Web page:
The lack of a suspension to Colton Orr for shoving a linesman is wrong on so many levels, it’s tough to know where to begin.
OK, it’s not that difficult. Let’s start with the obvious. It was blatantly illegal.
Don’t take my word for it. Read the NHL’s “Official Rules” book, 2009-10 edition, pg. 64, Rule 41.3 or 41.4. The former is an automatic 10-gamer for applying force to an official without intent to injure. The latter, an automatic three-gamer, covers applying force to a zebra “solely for the purpose of getting free of such an official during or immediately following an altercation.”
So, by the letter of the law, a hanging judge would give Orr 10 games, a benign arbiter three. Is there any other interpretation?
Clearly, the league believes so. Apparently, the NHL didn’t mete out supplemental discipline because the officials didn’t deem it an offense in their post-game report. And, in fairness, Rule 41.5 outlines a process by which the automatic suspension is levied, a course of action that depends on the game officials’ complaint.
But isn’t that just a cop out? How many times have we seen players banned for infractions that went un-penalized in the heat of battle? It happened just last week when Evgeny Artyukhin got three games for a slew foot that went undetected by the refs. Surely Gary Bettman, an omnipotent commissioner from what we’ve been told, has the authority to step in and pass judgment.
The league’s unwillingness to take action, and refusal to comment why not on the record, leaves us to draw conclusions. So here goes: 1. They believe Orr accidentally shoved Brian Murphy; or 2. They believe Orr was afraid of an unfair break-up – that Parros would get shots in while Murphy restrained him – so he was ostensibly acting in self-defense.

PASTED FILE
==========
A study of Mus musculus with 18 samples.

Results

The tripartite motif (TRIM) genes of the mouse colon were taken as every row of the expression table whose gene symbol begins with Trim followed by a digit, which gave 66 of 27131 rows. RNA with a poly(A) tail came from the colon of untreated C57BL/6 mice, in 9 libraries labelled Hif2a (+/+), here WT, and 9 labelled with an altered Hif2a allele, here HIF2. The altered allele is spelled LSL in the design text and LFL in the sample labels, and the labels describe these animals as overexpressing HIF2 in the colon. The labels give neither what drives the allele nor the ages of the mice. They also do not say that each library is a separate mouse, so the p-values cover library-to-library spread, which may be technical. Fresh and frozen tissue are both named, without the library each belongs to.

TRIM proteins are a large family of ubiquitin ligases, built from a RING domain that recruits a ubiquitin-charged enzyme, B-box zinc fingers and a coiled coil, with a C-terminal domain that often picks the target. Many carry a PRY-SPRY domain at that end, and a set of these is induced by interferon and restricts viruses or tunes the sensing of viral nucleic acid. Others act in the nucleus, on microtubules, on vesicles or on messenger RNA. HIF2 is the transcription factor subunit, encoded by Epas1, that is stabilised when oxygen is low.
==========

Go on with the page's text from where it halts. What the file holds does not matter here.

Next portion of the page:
Neither passes the sniff test.
The video indisputably shows Orr intending to fend off Murphy. He connects in the middle of the chest with an open hand and extends his arm. No accident.
As for a fear of getting pummeled while being held, where’s the proof? Murphy tried to enter the fray from the middle and had yet to lay a hand on either combatant.
Even if Orr were doing it out of “self preservation,” it doesn’t wash. He was engaged in an illegal act – a fight – and he’s obligated to respect authority.
And we can’t even invoke the “first-time offender” defense, one in which he could be let off with a warning. Orr was suspended five games in 2006-07 for a reckless head shot on Alex Ovechkin. He escaped a second suspension in 2007-08 for a hit on Matt Cullen many felt should have cost him a few games.
By leaving the onus with the officials in the most recent episode, the league is inviting chaos. Its decision to do nothing tells enforcers they can dictate when a tussle is to be ended; that respect for lawmen is optional; and that what should be black and white when it comes to the black and white is, as it turns out, grey.
Jason Kay is the editor in chief of The Hockey News and a regular contributor to THN.com. His blog appears Fridays.